Earl was the only bachelor who worked as a civil engineer in dad’s highway department office in the 1960s. In my eyes, he was the most interesting coworker there, too. Earl drove an Austin Healey roadster to work each day; he liked to vacation in distant places; and lived for photography. He usually kept an older Leica IIIf on his desk, ready to take to highway worksites.
Earl sometimes invited dad and me to his home to visit and view his latest photographs. His favorite pictures were shot with a Rolleiflex twin lens camera or his “workhorse” Nikkormat 35mm SLR. The Nikon was Earl’s all time favorite that went everywhere with him.
After Earl’s retirement, he spent most of his time either taking pictures or squirreled away in the darkroom, creating beautiful works of art. He often entered his best works in art shows and the Nebraska State Fair. A few years before Earl passed away, he won a purple ribbon for a stunning black and white print of a mirror image reflection, shot at a local lake. (I wish I could find a copy of it.)
It turned out that the fair officials had analyzed and judged his masterpiece photo upside-down. Earl laughed that there was really no way to know the difference unless the viewer was familiar with the lake and its surroundings. Also, the horizon line was not centered in the photograph.
Landscape photographs of mirror images in water are quite popular with photographers and viewers. Most of the time, the reflections have a slightly different sharpness or tint than the rest of the scene that would make an upside down display very obvious. But sometimes a photographer is lucky enough to shoot a scene on a perfectly calm morning or evening when the water is as smooth as glass.
Of course, photographs are not the only images that could be mistakenly displayed upside-down. Abstract and other forms of modern art could also show up in exhibitions in erronious configurations that most of us would never notice.
On October 17, 1961, the finishing touches for New York’s Museum of Modern Art’s exhibition “The Last Works of Henri Matisse” were made. The show was to include one of the master’s most beautiful paper cut images, Le Bateau (The Boat), created in 1953.
The work is a very sparse arrangement of paper cuts that form a simple blue sailboat on a windy day. The clouds and water are represented with curving purple line cuts. The bottom half of Matisse’s painting depicts the reflection of the sailboat and a few more purple line cuts.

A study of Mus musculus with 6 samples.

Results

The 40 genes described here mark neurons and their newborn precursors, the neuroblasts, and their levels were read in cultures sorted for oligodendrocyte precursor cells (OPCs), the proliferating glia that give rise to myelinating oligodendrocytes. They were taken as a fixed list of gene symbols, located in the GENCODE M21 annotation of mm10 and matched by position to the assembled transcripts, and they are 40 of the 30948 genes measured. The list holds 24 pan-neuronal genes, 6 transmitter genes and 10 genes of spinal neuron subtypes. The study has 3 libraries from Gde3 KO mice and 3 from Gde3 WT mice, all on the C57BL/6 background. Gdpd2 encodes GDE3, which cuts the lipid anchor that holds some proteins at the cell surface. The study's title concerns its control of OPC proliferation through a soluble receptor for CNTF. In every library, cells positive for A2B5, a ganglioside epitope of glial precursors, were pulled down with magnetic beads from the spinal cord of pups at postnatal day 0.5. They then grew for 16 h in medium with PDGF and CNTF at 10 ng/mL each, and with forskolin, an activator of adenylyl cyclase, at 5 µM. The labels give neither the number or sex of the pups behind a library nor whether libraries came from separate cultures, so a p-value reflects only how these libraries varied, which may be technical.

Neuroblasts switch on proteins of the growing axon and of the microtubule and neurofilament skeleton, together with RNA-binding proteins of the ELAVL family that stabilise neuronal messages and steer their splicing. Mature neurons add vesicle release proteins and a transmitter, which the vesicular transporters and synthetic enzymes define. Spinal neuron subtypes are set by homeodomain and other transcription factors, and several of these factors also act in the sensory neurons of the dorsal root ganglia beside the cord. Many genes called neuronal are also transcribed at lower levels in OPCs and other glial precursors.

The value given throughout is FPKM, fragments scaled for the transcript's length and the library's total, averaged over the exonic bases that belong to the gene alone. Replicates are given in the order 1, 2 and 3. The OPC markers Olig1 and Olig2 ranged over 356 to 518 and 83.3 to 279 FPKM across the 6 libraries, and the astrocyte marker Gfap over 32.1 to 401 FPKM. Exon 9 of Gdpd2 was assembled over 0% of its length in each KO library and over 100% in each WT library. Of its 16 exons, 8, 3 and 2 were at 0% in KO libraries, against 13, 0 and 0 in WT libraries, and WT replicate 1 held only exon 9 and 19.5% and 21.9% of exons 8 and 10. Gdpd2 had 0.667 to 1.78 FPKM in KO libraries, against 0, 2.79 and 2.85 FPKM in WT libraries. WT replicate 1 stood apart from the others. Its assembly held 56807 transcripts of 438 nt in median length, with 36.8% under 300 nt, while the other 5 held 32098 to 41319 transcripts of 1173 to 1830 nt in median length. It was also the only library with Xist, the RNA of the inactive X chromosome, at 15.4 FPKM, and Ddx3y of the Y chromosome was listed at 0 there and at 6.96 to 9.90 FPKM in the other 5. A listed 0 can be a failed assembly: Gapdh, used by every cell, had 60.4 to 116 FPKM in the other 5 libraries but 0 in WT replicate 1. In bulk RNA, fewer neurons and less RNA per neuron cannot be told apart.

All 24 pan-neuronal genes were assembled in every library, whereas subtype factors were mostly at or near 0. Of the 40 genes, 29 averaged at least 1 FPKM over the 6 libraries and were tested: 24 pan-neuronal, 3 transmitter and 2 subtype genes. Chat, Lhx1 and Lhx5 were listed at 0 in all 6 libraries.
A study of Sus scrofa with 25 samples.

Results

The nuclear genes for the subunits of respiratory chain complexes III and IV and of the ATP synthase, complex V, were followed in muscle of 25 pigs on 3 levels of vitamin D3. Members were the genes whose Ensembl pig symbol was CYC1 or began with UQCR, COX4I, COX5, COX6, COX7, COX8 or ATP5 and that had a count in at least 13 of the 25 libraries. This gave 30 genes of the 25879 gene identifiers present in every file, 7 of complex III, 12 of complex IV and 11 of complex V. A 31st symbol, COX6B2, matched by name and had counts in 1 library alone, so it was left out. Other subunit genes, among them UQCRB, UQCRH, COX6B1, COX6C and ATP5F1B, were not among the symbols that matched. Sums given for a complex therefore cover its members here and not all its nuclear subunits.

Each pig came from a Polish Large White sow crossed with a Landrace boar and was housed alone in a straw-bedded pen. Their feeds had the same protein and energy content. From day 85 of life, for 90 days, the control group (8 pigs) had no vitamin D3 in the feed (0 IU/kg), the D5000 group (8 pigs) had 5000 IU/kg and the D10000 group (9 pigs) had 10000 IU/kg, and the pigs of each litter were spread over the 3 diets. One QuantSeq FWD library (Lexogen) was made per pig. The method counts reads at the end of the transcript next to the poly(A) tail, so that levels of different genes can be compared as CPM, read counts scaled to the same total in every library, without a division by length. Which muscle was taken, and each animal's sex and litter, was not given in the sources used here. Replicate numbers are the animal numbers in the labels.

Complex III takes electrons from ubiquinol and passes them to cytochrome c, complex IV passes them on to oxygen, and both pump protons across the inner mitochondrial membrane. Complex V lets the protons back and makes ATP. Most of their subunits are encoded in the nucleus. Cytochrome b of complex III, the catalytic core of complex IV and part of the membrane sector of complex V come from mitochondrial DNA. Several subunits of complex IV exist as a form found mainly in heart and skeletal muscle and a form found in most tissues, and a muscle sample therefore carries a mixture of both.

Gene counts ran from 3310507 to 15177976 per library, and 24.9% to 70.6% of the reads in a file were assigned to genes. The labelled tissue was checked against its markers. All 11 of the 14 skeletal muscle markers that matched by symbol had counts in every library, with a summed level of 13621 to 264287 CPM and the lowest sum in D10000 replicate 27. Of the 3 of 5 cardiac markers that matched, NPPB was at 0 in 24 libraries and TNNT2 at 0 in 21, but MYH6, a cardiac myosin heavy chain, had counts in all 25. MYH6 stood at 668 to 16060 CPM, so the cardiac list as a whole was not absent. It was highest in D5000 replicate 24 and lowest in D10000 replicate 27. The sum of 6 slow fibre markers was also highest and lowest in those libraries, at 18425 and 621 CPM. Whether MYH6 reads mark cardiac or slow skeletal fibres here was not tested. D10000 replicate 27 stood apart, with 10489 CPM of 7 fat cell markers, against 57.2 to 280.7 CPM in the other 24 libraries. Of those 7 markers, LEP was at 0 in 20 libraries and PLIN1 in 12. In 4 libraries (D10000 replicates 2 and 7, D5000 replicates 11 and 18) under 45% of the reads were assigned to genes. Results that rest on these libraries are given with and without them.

The next day, the Matisse exhibition opened to the public to rave reviews. After 47 days and some 100,000 art lovers had visited the show, one viewer noticed that Le Bateau didn’t seem right. A stockbroker named Genevieve Habert was a devotee of Henri Matisse. She understood that the artist would never have arranged his picture as to depict the reflection having more detail than the sailboat.
During Habert’s third visit to the MOMA exhibit, she purchased a catalogue. The booklet’s photo of the painting validated her hunch. It showed Le Bateau hanging the correct way, upside-up. Because it was a Sunday, the only MOMA employees present were the security guards. Since Habert was unable to contact a museum official, she phoned the New York Times. The newspaper published their story on December 5th, the day after the exhibition director corrected the error.
Later, officials of MOMA claimed that other galleries and museums had committed the same error. Apparently, labels and deep screw holes in the bottom of the frame caused the New York museum to assume the alignment was the correct one. During a much more careful examination of the back of the frame, less noticeable screw holes were present at the correct places.
I wonder what other paintings and photographs have been mistakenly displayed upside down. Many mirror reflection depictions contain the seeds for erronious displays. How many art museum curators have egg on their faces?